Safety and Training
Working on the A.T. involves inherent risk, but those risks can be minimized through planning, communication, training, and equipment. Every one is responsible for safety and the safety of our co-workers. Seeking and receiving the proper certifications or training for each Trail task is an essential component of safety.
The most important safety rule is this: Each volunteer has the obligation to say “No” and walk away from any situation they determine to be an unacceptable risk.
Basic safety equipment for all trail work includes a first-aid kit, sturdy boots, work gloves, long pants, and appropriate dress for the weather and conditions.
The job hazard analyses (JHAs) posted below provide information on potential hazards, safety gear, and safety recommendations for various types of trail work. They are intended as guidelines and may not be comprehensive. Trail Maintenance Tasks, Hazards, and Recommended Safety Gear and the JHAs appropriate to the work planned should be reviewed by all participants before every work trip on the Appalachian Trail.
APPA – Trash-Garbage Removal JHA (2020)
APPA – Waste Facility (Privy) Management JHA (2020)
APPA – Portable Electric Tools JHA (2019)
APPA – Walk-Behind Mower JHA (2021)
APPA – String Trimmer and Brush Cutter Operation JHA (2021)
APPA – Riding Mower Operations JHA (2021)
APPA – Crosscut Saw JHA (2018)
APPA – Chainsaw Operations JHA (2021)
APPA – Rock Work JHA (2019)
APPA – Rigging Griphoist JHA (2020)
APPA – Portable Gas Generator JHA (2021)
APPA – Making Public Contact JHA (2021)
APPA – Mechanized Rock Drill JHA (2021)
APPA – Working with Paints, Stains, & Solvents JHA (2021)
APPA – Working with Treated Wood & Preservatives JHA (2021)
USFS – R8 – Chainsaw JHA (2012)
USFS – R8 – Crosscut JHA (2012)
USFS – R8 – General Trail Maintenance JHA (2012)
USFS – R8 – Herbicide Applicator JHA (2011)
USFS – R8 – Natural Resource Monitoring JHA (2012)
USFS – GW-Jeff (George Washington & Jefferson National Forests) – Working During COVID-19 Pandemic JHA (2021)
USFS – GW-Jeff (George Washington & Jefferson National Forests) – Waste Facility (Privy) Management JHA (2021)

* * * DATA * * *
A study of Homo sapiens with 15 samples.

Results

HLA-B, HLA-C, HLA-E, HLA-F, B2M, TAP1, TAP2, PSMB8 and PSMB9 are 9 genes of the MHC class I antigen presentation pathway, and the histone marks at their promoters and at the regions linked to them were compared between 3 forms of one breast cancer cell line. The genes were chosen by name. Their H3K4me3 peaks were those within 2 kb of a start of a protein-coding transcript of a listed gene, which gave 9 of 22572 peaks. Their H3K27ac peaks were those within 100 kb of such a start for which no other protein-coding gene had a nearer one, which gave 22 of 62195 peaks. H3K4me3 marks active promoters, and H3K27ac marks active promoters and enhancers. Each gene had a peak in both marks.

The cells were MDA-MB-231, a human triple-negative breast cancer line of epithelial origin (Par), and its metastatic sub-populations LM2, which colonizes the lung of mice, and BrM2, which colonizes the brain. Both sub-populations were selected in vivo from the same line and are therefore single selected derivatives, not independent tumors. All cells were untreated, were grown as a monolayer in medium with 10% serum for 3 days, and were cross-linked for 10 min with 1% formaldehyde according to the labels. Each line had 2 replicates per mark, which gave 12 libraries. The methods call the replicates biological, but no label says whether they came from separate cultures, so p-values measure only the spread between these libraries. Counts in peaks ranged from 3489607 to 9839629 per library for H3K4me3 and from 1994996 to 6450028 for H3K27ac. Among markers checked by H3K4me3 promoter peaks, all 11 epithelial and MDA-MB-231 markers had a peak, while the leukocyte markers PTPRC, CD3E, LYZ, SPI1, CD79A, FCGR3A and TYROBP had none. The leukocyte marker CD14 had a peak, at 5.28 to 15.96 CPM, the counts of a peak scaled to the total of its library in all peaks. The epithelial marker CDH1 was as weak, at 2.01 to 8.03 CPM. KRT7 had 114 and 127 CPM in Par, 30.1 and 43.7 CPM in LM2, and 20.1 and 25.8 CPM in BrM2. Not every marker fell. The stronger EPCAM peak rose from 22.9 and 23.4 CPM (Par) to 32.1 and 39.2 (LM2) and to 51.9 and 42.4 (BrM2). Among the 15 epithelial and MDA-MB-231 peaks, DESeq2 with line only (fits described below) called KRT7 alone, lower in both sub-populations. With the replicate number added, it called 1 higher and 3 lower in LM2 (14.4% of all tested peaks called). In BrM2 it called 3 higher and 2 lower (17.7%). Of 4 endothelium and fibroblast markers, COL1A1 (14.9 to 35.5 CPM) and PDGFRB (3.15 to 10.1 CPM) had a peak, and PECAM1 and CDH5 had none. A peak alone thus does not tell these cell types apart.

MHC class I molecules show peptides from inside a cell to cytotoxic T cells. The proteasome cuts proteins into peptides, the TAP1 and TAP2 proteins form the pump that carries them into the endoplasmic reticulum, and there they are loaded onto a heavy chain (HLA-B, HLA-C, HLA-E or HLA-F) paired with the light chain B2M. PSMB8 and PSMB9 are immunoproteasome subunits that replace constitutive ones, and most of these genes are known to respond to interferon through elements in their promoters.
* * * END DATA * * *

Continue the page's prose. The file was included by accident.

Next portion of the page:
USFS – GW-Jeff (George Washington & Jefferson National Forests) – Trash-Garbage Removal JHA (2021)
USFS – GW-Jeff (George Washington & Jefferson National Forests) – Working with Paints, Stains, and Solvents JHA (2021)
USFS – GW-Jeff (George Washington & Jefferson National Forests) – Working with Treated Wood and Preservatives JHA (2021)
Volunteers on the Appalachian Trail are enabled through Volunteer Service Agreements with the National Park Service or the USDA Forest Service.
Each time you volunteer, make sure you are listed on a volunteer roster, that you review dangers of specific tasks to reduce injury to yourself or others, and that you track and report hours and accomplishments.
In the event of an accident, this toolkit helps you file a claim. Each volunteer should carry an injury packet with them for any volunteer activity.
Visit the Training Page to select from online training modules on Volunteer Orientation, Trail Maintenance, Corridor Stewardship, Trail Safe!, opportunities from the Appalachian Trail Volunteer Academy, and other resources.
Trail Safe! is a unique safety program designed specifically for National Park Service trail volunteers. It’s based on NPS Operational Leadership Training, where the human factor of safety is explored.
Field Leadership Toolkit
Essential tools for for planning your next A.T. project from start to finish.
Volunteer Injury Packet
An authorized volunteer working on the Appalachian National Scenic Trail under the auspices of one of the designated Trail maintaining clubs or ATC is entitled to certain protections under programs managed by either the U.S. Forest Service (Volunteers in Forests) or the National Park Service (Volunteers in Parks) through an individual or a group volunteer agreement. These volunteer protections are especially important in case an injury occurs involving an A.T. volunteer while at work. These protections apply if the volunteer is following the guidelines and standards provided by the club, ATC, or agency
If an injury occurs, a volunteer should follow these five steps:
- Immediate care and First Aid
- Emergency treatment by a medical provider, if needed (inform agency authorities first, if possible.)
- Reporting of the injury to the appropriate agency authorities
The documents listed below make up a packet of information about dealing with injuries suffered by A.T. volunteer workers. We recommend that a paper copy of this packet be carried by each A.T. volunteer work leader. Volunteers should be familiar with the contents of this packet, and should complete specific local contact information on the instruction sheet before an accident resulting in injury occurs.
Volunteer Injury Packet
- Volunteer Injury Packet Image
JPG, 27.77 KB
- Volunteer Injury Packet Label
PDF, 22.26 KB
- Volunteer Injury Instructions
PDF, 39.75 KB
- Form CA-1-Report of injury
PDF, 209.04 KB
- Emergency Response Plan Template
DOC, 20.4 KB
Note: Form CA-16 cannot be posted online; contact your ATC regional office for this form.
Injuries should also be reported to ATC. Complete the ATC Accident Report Form and send to [email protected] and to your ATC regional office.